Israeli researchers say they've developed a way to modify nuclear fuel so that it can be used only in power plants, and can't be recycled later to build nuclear weapons. Lead researcher Yigal Ronen says the
work could help "de-claw" some countries if nuclear fuel producers - the US, Russia, Germany, France and Japan - agree to put the denaturing additive they have proven effective into all plutonium [Jerusalem Post].
Israeli scientists suggest in their study that the element americium be added to the fuel at a level of 0.1 percent [Israel National News].
According to their research, the addition would neutralize the fissile plutonium produced by nuclear reactors, making that "denatured" plutonium unusable in a weapon. The research will be published in the journal
next month. Ronen explains that when a country purchases a nuclear reactor from one of the five nuclear fuel producers, the sale includes nuclear fuel for the reactor.
"Thus, if the five agree to insert the additive into fuel for countries now developing nuclear power - such as Bahrain, Egypt, Kuwait, Libya, Malaysia, Namibia, Qatar, Oman, United Arab Emirates, Saudi Arabia and Yemen - they will have to use it for peaceful purposes rather than warfare" [The Register]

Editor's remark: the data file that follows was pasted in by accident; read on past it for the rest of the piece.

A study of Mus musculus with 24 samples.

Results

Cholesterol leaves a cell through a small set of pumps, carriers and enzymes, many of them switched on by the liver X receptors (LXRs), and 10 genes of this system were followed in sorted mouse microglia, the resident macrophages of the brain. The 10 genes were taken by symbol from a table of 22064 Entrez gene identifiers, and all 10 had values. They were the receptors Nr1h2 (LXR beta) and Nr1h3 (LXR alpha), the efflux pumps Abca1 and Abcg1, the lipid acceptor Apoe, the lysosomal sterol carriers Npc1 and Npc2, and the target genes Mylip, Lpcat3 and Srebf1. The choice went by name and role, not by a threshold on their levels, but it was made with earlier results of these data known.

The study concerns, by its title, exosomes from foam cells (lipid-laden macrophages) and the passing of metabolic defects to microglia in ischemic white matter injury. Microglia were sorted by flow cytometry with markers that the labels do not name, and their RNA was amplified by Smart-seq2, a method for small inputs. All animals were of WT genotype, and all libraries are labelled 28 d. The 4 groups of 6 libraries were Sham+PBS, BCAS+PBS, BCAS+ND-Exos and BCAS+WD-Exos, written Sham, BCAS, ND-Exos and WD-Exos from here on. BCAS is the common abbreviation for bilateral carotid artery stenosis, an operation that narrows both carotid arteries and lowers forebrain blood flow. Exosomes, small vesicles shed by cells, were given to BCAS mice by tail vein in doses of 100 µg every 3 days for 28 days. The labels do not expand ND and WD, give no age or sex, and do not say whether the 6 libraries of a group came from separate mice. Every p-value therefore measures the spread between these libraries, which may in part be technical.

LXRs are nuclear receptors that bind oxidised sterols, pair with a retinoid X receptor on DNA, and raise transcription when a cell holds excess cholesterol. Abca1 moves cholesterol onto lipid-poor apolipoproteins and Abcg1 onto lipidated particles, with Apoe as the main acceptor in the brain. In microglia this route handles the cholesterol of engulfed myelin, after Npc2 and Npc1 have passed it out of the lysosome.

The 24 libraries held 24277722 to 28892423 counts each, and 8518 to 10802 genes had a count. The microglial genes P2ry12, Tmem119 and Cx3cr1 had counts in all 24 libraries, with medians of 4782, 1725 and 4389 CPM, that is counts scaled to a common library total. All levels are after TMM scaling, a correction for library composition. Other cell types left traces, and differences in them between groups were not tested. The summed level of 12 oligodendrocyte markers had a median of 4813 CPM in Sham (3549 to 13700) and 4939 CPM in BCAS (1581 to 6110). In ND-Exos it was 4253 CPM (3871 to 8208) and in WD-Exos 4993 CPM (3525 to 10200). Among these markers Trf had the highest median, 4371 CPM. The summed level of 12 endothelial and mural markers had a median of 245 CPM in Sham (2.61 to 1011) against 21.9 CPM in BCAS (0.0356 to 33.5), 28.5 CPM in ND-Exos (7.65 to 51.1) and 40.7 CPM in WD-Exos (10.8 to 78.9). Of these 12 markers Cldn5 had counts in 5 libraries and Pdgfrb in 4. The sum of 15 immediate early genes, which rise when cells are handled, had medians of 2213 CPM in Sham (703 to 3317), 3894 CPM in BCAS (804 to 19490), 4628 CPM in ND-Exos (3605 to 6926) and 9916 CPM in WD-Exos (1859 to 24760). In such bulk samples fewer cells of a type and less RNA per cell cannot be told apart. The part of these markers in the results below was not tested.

, says Ronen. However, the researchers say that countries with more advanced nuclear programs, like Iran, have other ways to produce weapons-grade fuel. Ronen explains that Iran has other options besides recycling spent fuel if it wants to make nuclear weapons: Iran has
centrifuges like those Iraq had, and small plutonium reactors. "Our work could solve only one part of the problem. The reality is more complicated, and denaturing is not relevant for Iran's other options. Iran would be able to continue to threaten the world with the other two options if the world doesn't stop it," he explained [Jerusalem Post].
The news comes just as the
U.N. nuclear watchdog, the International Atomic Energy Agency, is looking into U.S. intelligence reports that Syria had almost built a North Korean-designed, nuclear reactor meant to yield bomb-grade plutonium before Israel bombed it in 2007. Last month, the IAEA said inspectors had found enough traces of uranium in soil samples taken in a trip to the bombed site granted by Syria last June to constitute a "significant" find, and satellite pictures taken before the Israeli bombing revealed a building resembling a reactor [Reuters].